Ward Elcock

Elcock in 2007
4th Director of the Canadian Security Intelligence Service
In office
Governor GeneralRay Hnatyshyn
Prime MinisterJean Chrétien
Preceded byRay Protti
Succeeded byDale Neufeld
Personal details
BornAugust 1947 (age 76)
Victoria, British Columbia

Ward P.D. Elcock (born August 1947)[1] is a Canadian civil servant who served as the Director of the Canadian Security Intelligence Service from 1994 until May 2004. He remains the only Director to have ever served out his entire tenure. He served as the Deputy Minister of National Defence from August 5, 2004 to October 1, 2007.

He was born in 1947 in Victoria, British Columbia to Commodore F. Dudley Elcock and Mary Grace Pitfield and is the oldest of four children (Hew, Julia and Mark (deceased)). He is the grandson of deceased Canadian financier Ward C. Pitfield and Grace Pitfield (née MacDougall). He is the nephew of former Clerk of the Privy Council of Canada, the retired Senator late Michael Pitfield, and retired financier Ward C. Pitfield, Jr.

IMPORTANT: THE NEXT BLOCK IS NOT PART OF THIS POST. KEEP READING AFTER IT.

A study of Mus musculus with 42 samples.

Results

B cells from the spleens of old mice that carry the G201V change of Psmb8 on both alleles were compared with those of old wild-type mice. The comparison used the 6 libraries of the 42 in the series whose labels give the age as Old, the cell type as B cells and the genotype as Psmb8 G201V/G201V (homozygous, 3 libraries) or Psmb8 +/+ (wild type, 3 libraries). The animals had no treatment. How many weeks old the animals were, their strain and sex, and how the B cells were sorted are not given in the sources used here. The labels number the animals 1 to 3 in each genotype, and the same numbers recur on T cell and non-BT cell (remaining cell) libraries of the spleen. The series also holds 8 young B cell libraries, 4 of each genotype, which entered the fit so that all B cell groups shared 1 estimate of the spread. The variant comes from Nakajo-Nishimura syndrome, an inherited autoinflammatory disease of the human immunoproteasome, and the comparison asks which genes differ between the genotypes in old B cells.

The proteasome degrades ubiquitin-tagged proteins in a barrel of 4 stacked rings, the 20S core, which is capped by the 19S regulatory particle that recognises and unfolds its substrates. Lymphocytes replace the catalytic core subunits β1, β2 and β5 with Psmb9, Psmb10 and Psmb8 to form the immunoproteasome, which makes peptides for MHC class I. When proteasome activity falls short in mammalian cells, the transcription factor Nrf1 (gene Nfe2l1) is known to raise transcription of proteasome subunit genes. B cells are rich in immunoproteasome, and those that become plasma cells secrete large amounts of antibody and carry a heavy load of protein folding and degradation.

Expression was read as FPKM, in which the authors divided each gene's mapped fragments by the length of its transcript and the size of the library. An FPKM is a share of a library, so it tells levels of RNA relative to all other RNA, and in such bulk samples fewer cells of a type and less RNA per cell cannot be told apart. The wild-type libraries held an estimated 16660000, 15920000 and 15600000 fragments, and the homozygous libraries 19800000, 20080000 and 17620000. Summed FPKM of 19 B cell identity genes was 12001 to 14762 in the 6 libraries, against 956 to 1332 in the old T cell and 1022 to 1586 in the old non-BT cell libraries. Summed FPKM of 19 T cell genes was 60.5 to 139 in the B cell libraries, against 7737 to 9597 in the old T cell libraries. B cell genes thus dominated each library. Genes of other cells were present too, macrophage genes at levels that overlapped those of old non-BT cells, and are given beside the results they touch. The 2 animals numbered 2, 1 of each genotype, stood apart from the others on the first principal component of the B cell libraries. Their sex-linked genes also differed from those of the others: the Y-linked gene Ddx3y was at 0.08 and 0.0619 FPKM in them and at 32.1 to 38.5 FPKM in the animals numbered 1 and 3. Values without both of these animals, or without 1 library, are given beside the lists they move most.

A Bachelor's graduate in Political Science from Carleton University, Elcock received his LL.B. from Osgoode Hall Law School.

Elcock served as the Security & Intelligence Deputy Clerk of the Privy Council Office for five years, and as Assistant Secretary to the Cabinet (Legislation and House Planning/Counsel) for six years, prior to his rise to CSIS and National Defence. In 2007, Elcock was named Senior Advisor to the Privy Council Office "pending his next assignment".[2]

In 2010, he was the chief of the Integrated Security Units organized for the 2010 Winter Olympics in Vancouver, the 36th G8 summit in Huntsville, and the 4th G-20 summit in Toronto. Between 2010 and 2016 he was Special Advisor on Human Smuggling and Illegal Migration in the Privy Council Office.[3]

Elcock lives in Ottawa and is married with two children.


  1. ^ "Prime Minister Announces Changes in the Senior Ranks of the Public Service". canada.ca. Retrieved April 20, 2018.
  2. ^ "Prime Minister announces changes in the senior ranks of the Public Service". pm.gc.ca. Archived from the original on February 7, 2012. Retrieved April 20, 2018.
  3. ^ "Ward Elcock". socialsciences.uottawa.ca. Retrieved April 20, 2018.